Creating the imaginary land for the film adaptation
It's a magical make-believe land - Terabithia.
From the imaginations of AnnaSophia Robb and Josh Hutcherson, comes the new film, Bridge to Terabithia. But, those creatures didn't just come out of no where - the good people at WETA worked tirelessly to get them looking spectacular. The film is an adaptation of the children's novel by Katherine Patterson; it's directed by Gabor Csupo, of Nickelodeon cartoon fame.
I had the chance to speak with Matt Aitken, one of the animators at the New Zealand workshop about creating the world of Terabithia. He told me making this land was a little different than working on King Kong and The Lord Of The Rings.
Check out what he had to say:
Matt, this truly is one of the best children's films I've seen in a long time.
Matt Aitken: Thank you. I think the visual effects is just one component. I was very happy to work on the film; I think it has real potential for greatness.
What did you work on?
Matt Aitken: We were responsible for the digital creatures; we worked on all the characters, and the realization of the land of Terabithia, especially at the end where it opens up. We did the bridge transformation, but a little bit of everything of the creatures and environmental stuff.
Do you see the movie differently when you see it on the big screen?
Matt Aitken: We have it set up so when we work on it, it looks the same as the theater. We spend a lot of time here making sure our screens match what's going out on the big screen. But also, before we hand it off to the production, we make sure it looks clean; each and every individual shot looks good in the environment. What's great for me is I've seen it a couple times, and seeing it cut together, the way it sounds, you get that experience! We work without sound, so there's a huge different experience watching the film with the score and the dialogue all mixed up.
When do you think you'll be able to see the finished film?
Matt Aitken: In a few weeks; I'm going to take my six-year-old daughter along to see it, and it'll be great to show her. I use her for some early looks; she's got a real critical eye, and she'll be very critical. She understands what's going on, and she can say, 'Oh, you're going to put that there.'
How did WETA get involved in the film?
Matt Aitken: It was all about timing for us; when we were working on The Lord Of The Rings and King Kong, we were booked for years. We came off King Kong, and we knew Peter Jackson, who's not only our founder, but our main client, he was going to be writing his next film for a while so we had the time for other productions. Walden Media and Disney came to us and we were thrilled to work on this film, to work on the creatures and the land of Terabithia that had to be created.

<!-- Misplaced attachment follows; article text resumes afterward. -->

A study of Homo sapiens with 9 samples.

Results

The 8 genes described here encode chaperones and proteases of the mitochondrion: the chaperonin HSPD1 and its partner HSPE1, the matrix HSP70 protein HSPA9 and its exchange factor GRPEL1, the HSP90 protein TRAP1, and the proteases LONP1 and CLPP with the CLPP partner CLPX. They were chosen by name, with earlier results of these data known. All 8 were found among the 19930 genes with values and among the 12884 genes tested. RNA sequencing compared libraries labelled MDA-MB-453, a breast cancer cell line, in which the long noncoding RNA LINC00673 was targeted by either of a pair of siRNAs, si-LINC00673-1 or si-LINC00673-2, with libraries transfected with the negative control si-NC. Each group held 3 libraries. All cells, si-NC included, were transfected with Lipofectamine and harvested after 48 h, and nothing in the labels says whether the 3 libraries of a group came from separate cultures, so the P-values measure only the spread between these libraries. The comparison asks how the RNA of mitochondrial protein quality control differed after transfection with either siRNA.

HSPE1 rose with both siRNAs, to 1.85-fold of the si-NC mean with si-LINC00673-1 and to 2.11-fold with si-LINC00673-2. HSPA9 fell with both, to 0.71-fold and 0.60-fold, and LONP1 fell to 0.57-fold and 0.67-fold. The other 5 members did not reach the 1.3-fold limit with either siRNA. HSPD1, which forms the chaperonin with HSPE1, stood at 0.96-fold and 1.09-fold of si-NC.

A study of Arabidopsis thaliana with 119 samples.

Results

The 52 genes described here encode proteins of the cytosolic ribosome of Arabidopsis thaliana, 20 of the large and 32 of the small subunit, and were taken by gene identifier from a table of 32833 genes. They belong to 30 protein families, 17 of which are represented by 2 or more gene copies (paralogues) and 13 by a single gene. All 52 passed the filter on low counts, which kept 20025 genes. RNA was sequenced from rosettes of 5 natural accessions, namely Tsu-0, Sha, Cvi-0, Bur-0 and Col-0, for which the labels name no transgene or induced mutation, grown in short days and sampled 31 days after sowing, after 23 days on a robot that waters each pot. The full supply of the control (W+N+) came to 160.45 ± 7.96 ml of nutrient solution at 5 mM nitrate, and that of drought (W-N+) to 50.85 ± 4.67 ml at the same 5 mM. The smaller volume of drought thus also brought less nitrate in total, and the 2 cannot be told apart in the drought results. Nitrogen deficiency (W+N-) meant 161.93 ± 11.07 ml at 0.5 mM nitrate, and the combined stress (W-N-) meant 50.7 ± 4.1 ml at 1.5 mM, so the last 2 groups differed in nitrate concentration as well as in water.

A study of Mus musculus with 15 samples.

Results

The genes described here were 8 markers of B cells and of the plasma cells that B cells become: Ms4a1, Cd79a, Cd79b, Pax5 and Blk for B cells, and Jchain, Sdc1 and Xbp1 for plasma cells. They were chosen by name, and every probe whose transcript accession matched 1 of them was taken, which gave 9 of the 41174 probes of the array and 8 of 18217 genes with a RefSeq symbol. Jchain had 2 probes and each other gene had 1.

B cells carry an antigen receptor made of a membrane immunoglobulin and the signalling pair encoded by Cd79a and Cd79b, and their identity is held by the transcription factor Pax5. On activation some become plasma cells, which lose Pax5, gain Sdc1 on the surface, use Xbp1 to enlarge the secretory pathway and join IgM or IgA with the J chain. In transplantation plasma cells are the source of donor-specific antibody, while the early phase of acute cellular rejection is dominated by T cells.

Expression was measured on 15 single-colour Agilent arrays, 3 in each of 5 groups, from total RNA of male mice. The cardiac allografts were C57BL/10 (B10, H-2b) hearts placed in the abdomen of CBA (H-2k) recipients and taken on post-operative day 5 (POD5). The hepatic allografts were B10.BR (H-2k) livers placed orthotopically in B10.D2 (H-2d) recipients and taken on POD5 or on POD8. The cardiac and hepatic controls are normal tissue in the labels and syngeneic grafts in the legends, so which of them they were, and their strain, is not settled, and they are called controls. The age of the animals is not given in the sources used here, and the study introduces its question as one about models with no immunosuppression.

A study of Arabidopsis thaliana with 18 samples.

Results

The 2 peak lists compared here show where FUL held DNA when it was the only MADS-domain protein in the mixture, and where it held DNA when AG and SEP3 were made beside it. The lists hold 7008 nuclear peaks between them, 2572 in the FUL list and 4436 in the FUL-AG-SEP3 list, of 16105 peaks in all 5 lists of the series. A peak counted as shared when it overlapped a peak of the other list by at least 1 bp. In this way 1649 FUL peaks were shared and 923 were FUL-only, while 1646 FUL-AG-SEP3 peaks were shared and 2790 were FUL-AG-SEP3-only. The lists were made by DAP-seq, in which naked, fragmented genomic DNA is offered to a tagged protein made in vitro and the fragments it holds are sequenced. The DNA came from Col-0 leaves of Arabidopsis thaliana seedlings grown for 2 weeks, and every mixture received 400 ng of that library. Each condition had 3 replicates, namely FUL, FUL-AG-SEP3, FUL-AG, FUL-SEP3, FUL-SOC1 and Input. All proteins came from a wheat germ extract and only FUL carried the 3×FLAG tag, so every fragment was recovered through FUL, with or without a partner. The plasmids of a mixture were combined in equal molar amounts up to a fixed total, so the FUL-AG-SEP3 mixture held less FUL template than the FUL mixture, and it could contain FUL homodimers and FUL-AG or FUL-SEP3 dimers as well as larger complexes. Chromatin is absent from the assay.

Did it help to have Gabor have a background in animation working on this film?
Matt Aitken: Yeah, he was great to work with; from the background animation to the creatures, he knew exactly what he wanted them to look like. What you create in these situations is three or four looks; Gabor created something exactly how he wanted. We were really balancing between keeping it scary and adding a bit of danger to it, but bringing it down with humor - finding that balance was something that was key, and Gabor was great about helping us through that.
Did you talk to Katherine Patterson about what her vision?
Matt Aitken: No, we didn't have any direct contact with her, but she was always a presence in the background, and was always involved. I was aware she was there, but for me, it's a great book and I didn't want to mess it up.
Did you know the book before?
Matt Aitken: I didn't know it before; as soon as we started talking to the production, I went out and got it before I read the script.
Do you put yourself in the land of Terabithia when working on this?
Matt Aitken: Yeah, it's really an opportunity to be as tall and wonderful and beautiful as it can; it's really an opportunity to let your mind sour. You can draw on that, and it really does parallel the experience of the kids, and follow the process they're going through.
Did you have those same experiences at school?
Matt Aitken: Not that I can remember, but it's easy to identify what those kids are going through in the writing of the book and the screenplay. You just go on that.
How did you communicate with Gabor about your progress?
Matt Aitken: He was in Los Angeles, so we had video chats with him in a twice-a-week slot where we would get together and review the process. We had what we call digital pre-production, which is building the creatures and building the environment. We would then start animating them, and concentrate on their movement, and make sure they move, and we were reviewing that with Gabor and he was greatly involved in that. Then we move onto making sure they look real, and animating them, and draw the digital lighting, and produce the final look of it. He and the production team were very involved in that.
After this, what are you working on next?
Matt Aitken: We are embarking on a big project with James Cameron - his film, Avatar. We're going to be working on the last big of effects for the film, and we're getting knee deep in that. This is his original screenplay, and we're going to realize his vision.
Is there a chance of working with Peter Jackson again?
Matt Aitken: Oh yeah, he's working on the script for his new film, The Lovely Bones; we're very much looking forward to working on that.
You can check out all the amazing work WETA did on Bridge to Terabithia when it opens in theaters February 16th; it's rated PG.